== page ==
Introduction to Discus

A good way to support the development and retention of throwing skills and technique is through the use of drills. Drills break down the skill learning into much more manageable chunks and allow the athlete to perform them many times more than if they were just throwing.

Therefore, drills play a major part in helping the athlete develop their technique and build confidence in their throwing.

When should I do drills?

It is during the conditioning phase (October to December) when there is more emphasis on practicing, reducing to a much lower level during the strength phase (January to April) and competition phase (May to September). Often a coach will use drills as a warm up or at the start of a throwing session and select a particular set for the thrower to work through.

Why are drills grouped into sets?

As It is recommended to teach practices in sets which use around four specific practices that help develop movement through the whole or part range of the technique, rather than unrelated practices. In each set complete each practice before moving onto the next one and look to do between 3 to 5 reps.

How should I perform discus drills?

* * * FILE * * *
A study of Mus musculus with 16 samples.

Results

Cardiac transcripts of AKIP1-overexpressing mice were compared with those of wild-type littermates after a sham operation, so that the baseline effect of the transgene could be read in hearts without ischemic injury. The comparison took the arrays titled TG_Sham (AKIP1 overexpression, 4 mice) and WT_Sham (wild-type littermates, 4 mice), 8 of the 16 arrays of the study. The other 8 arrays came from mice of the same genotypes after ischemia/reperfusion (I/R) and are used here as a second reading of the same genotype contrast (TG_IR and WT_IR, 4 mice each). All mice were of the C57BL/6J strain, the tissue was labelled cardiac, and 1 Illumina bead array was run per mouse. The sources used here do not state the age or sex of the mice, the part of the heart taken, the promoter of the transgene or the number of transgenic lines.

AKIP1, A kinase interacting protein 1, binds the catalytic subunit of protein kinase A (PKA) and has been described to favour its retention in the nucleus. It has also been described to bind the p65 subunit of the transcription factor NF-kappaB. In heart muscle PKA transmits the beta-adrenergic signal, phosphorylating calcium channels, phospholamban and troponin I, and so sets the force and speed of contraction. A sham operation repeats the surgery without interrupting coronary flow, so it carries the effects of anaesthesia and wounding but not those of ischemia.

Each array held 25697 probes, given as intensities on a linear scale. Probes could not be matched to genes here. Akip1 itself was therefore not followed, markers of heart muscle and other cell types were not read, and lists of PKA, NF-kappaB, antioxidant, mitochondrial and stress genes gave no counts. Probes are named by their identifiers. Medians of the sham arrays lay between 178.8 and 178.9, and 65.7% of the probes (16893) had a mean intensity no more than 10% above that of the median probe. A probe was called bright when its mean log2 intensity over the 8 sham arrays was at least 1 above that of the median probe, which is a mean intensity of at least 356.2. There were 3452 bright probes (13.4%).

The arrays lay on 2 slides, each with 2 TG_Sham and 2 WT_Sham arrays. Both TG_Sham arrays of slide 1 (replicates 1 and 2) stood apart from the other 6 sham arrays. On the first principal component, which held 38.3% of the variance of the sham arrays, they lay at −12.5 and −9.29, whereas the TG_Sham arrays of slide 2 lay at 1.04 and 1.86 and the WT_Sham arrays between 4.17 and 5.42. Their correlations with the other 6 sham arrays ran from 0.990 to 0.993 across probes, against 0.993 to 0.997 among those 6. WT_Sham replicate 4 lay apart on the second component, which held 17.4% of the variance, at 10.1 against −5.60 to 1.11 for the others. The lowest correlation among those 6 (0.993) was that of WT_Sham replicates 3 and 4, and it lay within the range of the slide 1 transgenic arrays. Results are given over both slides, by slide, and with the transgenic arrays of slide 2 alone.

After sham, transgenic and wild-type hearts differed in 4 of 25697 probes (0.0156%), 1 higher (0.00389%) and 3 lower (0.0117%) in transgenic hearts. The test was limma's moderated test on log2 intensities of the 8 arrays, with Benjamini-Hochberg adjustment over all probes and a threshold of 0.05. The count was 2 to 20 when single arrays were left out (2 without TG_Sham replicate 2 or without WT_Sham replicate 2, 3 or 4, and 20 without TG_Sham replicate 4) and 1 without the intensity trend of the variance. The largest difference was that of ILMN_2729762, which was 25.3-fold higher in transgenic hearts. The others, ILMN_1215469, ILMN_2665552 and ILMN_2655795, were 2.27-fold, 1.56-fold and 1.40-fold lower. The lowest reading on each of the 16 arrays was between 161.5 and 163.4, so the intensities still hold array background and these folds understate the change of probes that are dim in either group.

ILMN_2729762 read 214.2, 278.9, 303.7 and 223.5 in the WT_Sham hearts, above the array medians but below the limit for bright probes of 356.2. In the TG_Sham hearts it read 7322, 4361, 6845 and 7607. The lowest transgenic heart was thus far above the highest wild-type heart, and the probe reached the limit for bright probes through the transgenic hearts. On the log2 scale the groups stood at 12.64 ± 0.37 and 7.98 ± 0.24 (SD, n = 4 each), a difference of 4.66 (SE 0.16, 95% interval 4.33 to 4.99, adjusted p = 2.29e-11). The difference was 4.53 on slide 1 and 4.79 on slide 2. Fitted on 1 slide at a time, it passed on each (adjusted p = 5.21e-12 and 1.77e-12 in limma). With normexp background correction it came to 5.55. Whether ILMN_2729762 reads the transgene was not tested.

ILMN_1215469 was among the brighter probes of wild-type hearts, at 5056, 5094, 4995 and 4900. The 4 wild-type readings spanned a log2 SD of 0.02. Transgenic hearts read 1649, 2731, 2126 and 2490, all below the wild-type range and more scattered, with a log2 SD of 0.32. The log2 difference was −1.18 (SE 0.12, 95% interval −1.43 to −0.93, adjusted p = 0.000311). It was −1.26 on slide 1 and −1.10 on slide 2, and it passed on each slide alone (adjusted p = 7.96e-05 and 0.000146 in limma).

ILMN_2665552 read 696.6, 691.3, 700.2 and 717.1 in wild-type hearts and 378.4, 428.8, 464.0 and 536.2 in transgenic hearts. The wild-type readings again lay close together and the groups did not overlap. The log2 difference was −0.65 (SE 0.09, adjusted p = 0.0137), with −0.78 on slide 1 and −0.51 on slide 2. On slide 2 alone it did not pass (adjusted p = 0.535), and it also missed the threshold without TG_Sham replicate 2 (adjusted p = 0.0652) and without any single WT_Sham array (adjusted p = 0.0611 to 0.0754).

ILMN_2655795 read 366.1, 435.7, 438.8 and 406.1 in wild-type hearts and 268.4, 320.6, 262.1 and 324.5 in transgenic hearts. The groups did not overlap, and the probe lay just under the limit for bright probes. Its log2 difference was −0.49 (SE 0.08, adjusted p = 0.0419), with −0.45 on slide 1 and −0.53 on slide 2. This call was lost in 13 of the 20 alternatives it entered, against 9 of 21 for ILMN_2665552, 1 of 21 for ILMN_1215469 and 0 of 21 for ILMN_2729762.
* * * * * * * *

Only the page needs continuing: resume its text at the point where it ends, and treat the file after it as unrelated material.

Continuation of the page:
All the D-ball drills can be done inside a throwing cage and be thrown into the net so they can be practiced many times in a short period. A D-ball is a medicine ball that has had a handle cut into one side. Depending on the size of the throwing cage 3 to 4 athletes can throw safely at any one time. For adolescent athletes, keep the weight of the D-ball to around 1kg – 1.5kg, and no more than 2kg for senior athletes. As a rule of thumb stick to the same weight of discus the athlete would throw in competition. The reason why a light D-ball is used for this type of training is because the emphasis is on the technique (skill development) not throwing the D-ball, i.e. high volume, low intensity.

What if I am having a growth spurt?

Discus training drills can also be particularly useful for the adolescent athlete during summer growth spurts when coordination is sometimes effected. If a young athlete has grown quickly they will often be less coordinated as their nervous system and brain catches up and gets used to the longer limbs. Going back to basics with practices for a session or two can help as the body realigns (axons and myelinization) itself following a growth spurt.